One in six staff paid redundancy during the government’s controversial NHS reforms has been rehired by the health service.

Some 17 per cent of staff, including managers at the top of salary scales, have been rehired in similar jobs or as consultants, some within 28 days.

Data provided by the Department of Health to the House of Commons health committee, which is investigating NHS spending, shows 19,126 members of staff have been made redundant since 2010.

Of these, 3,261 have been rehired by the NHS, including 2,534 within one year and 403 within just 28 days.

Labour MP Barbara Keeley criticised the payments during the committee’s hearing into public expenditure on health and social care and said people are “just coming back through the revolving doors”.

She said: “This is public money, pay-offs and redundancies and people taking pensions from the public purse and then being re-employed in another capacity. Effectively we are seeing people paid twice, from the public purse.”

Health secretary Jeremy Hunt told the committee the rules had now changed so that if people are re-employed within a year, they had to pay back redundancy money.

But this will not apply to those people who have currently been rehired.

“We can’t apply it retrospectively,” Mr Hunt said.

Ms Keeley said: “That just smacks of appallingly bad planning. That just smacks of carelessness with public money. I’m sure the people outside of here will not be impressed that you have policies you can’t enforce.”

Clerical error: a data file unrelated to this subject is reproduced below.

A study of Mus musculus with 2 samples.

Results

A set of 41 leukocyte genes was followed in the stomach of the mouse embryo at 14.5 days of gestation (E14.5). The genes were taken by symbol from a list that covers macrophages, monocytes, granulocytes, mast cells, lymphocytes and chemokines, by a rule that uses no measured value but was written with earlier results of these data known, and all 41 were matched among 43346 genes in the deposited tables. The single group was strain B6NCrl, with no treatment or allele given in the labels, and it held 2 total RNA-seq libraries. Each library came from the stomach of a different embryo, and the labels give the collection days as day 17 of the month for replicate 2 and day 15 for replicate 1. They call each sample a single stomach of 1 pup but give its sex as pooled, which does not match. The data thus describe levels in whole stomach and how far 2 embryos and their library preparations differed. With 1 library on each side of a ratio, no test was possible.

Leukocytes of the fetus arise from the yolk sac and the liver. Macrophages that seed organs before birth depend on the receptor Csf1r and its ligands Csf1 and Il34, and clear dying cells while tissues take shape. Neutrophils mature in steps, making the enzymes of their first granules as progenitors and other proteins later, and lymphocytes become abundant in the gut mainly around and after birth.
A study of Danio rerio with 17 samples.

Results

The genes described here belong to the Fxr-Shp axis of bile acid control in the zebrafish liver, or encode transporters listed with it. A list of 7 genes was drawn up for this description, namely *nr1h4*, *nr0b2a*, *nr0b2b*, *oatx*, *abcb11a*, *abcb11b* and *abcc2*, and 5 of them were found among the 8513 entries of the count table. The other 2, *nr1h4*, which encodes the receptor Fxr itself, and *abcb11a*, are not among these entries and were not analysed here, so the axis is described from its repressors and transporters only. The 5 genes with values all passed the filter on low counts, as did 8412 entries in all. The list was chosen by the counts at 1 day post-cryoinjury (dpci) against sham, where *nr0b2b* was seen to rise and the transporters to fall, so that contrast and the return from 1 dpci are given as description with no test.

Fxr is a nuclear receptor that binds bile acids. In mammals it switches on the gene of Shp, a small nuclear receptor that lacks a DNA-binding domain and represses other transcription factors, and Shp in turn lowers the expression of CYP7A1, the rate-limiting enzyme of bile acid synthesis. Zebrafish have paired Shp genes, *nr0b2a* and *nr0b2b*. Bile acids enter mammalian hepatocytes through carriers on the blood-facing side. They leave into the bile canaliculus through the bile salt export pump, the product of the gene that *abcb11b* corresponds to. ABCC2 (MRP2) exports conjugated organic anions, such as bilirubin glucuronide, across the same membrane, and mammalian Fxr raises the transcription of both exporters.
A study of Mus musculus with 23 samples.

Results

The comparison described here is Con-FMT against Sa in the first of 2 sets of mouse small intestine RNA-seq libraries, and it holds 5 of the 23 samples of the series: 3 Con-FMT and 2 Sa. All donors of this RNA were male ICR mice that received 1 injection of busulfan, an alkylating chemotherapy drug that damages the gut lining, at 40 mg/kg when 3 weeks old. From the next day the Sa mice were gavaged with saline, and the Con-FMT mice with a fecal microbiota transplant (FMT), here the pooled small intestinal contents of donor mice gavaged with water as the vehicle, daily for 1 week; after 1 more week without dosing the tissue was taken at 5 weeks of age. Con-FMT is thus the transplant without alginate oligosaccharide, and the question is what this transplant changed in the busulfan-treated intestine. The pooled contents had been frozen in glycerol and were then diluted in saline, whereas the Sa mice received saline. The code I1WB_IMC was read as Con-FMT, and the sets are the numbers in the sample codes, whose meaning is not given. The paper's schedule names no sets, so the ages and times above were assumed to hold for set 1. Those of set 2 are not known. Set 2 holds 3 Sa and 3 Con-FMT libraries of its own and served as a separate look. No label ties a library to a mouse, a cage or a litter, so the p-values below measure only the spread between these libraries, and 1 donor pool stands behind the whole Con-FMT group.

Outgoing NHS England chief executive Sir David Nicholson said the government spent £600m-£700m on redundancy, which was lower than originally estimated.

“We have a position where, legally, if somebody is made redundant, they can be re-employed within 28 days,” he said.

Sir David said he has written to trusts and asked them to voluntarily agree not to rehire anyone as a consultant within six months.

“I had no power to make it happen. I just asked them to do that,” he said.

Conservative MP Charlotte Leslie said a “large loophole” has clearly been left and that asking the NHS not to rehire is commendable but comes “after the horse has bolted”.

Mr Hunt said: “I don’t think it’s possible in a huge system like the health service to prevent people leaving and becoming consultants. Indeed, it may be in the interest of the health service and of patients that we are able to tap into the expertise of people on a time-limited basis through a consultancy contract.

“What we don’t want is abuse of that system and we don’t want the public paying twice.

“We’ve tried to learn lessons from this reorganisation and previous reorganisations by making some changes as we’ve outlined.

“The overall point I’d make is that by removing 23,000 administrative posts, including 8,000 managers, we are able to employ 6,500 more doctors; the NHS is able to do 800,000 more operations.”